Living on the water, what’s best for the river and your yard?
The Good News
Do you live on or near the water? Do you have a beautiful water view and want to enhance it? Do you have a stream flowing through your yard? If so, we have some good news to share. There are simple ways you can protect your view, preserve your yard, not harm any birds, plants, or animals that live near your waterway, and improve local water quality with some simple best practices.
It’s understandable you want to create your backyard escape. It’s also important to understand how what you do in your backyard affects the fish, crabs, birds, and other important animals and plants that live in your waterway and the Chesapeake Bay. Activities such as mowing down to the waterway, removing trees, building a shed, adding a pool, or some landscaping practices can be harmful to local water quality and marine habitats.
The Chesapeake Bay is a national treasure and it deserves to be protected. It is the nation’s largest estuary and one of the world’s most productive. The Bay is home to over 3,700 species of plants and animals, draining 64,000 square miles of land. Your waterway is one of many that can help or harm the Bay.
How you can help
So, how can you protect your waterway, enjoy your yard, and ensure you’re following the CBPA? Your city or county has what you need to know, as well as staff to help ensure you’re making the right decisions. All you need to do is call your local planning or environmental department for more information.
Here are some general guidelines and information to follow, but your local representative will have more detailed and tailored instructions for you.
Want to know if you’re home or property is located within the buffered area protected by the CBPA? Check out our interactive map.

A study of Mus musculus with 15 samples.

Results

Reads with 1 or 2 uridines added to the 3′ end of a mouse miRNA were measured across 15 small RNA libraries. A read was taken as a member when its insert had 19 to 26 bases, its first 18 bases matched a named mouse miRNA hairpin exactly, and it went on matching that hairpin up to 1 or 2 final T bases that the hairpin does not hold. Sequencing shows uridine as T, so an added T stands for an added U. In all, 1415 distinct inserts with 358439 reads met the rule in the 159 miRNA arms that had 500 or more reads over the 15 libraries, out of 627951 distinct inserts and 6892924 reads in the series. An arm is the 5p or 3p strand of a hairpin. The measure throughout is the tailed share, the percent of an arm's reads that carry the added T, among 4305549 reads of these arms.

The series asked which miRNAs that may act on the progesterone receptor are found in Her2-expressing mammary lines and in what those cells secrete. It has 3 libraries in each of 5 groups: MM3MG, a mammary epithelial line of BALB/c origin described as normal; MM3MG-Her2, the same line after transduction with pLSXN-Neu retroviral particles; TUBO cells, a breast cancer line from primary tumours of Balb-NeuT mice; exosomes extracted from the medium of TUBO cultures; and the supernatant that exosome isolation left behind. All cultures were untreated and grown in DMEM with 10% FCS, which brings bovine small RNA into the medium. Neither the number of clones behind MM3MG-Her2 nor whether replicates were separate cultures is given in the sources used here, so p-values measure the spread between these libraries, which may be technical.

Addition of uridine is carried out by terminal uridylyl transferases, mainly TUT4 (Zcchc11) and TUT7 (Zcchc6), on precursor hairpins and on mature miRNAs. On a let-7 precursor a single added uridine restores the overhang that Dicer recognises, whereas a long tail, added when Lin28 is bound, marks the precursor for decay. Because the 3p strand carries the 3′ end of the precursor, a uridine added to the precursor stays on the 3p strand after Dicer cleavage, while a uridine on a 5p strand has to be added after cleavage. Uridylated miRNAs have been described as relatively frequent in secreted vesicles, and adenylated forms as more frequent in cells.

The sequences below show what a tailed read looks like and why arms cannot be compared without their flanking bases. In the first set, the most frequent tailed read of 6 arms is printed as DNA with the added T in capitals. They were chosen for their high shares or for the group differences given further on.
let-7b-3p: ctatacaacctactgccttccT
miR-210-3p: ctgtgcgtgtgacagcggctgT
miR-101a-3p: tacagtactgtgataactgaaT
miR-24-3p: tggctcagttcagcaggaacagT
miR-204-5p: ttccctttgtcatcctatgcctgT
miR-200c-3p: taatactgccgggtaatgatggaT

Cross section of Chesapeake Bay Resource Protection Area. (Sources Richmond Dept. of Public Works.)
Good to Know
- Resource Protection Areas (RPAs) are critical areas within the watershed. They are usually adjacent to waterways, the most important areas to protect, and are subject to more regulations.
- Resource Management Areas (RMAs) are adjacent to RPAs and may extend ~100 feet landward or include all remaining lands within a locality. RMAs include land types that have the potential for causing significant water quality degradation or for diminishing the functional value of a resource protection area if improperly used or developed.
- A buffer is a vegetated area within the RPA (~100ft) with trees, shrubs, and plants that protects the shoreline from erosion and improves water quality by filtering out pollutants from stormwater runoff.
- Tidal wetlands are vegetated and non-vegetated areas where the water meets the land, they are periodically inundated as the tide comes up twice a day.
Good to Do
- Seek guidance before you set out to change your landscape by the water. It may be a violation to remove vegetation or build in the RPA without approval.
- Plant native species, this handy Native Plant Guide for the region will help.
- Don’t mow, let it grow, for lawn near the water.
- Don’t remove any trees, shrubs, or plants without talking to your city or county.
- Call a Chesapeake Bay Landscape Professional for guidance and to help with plans.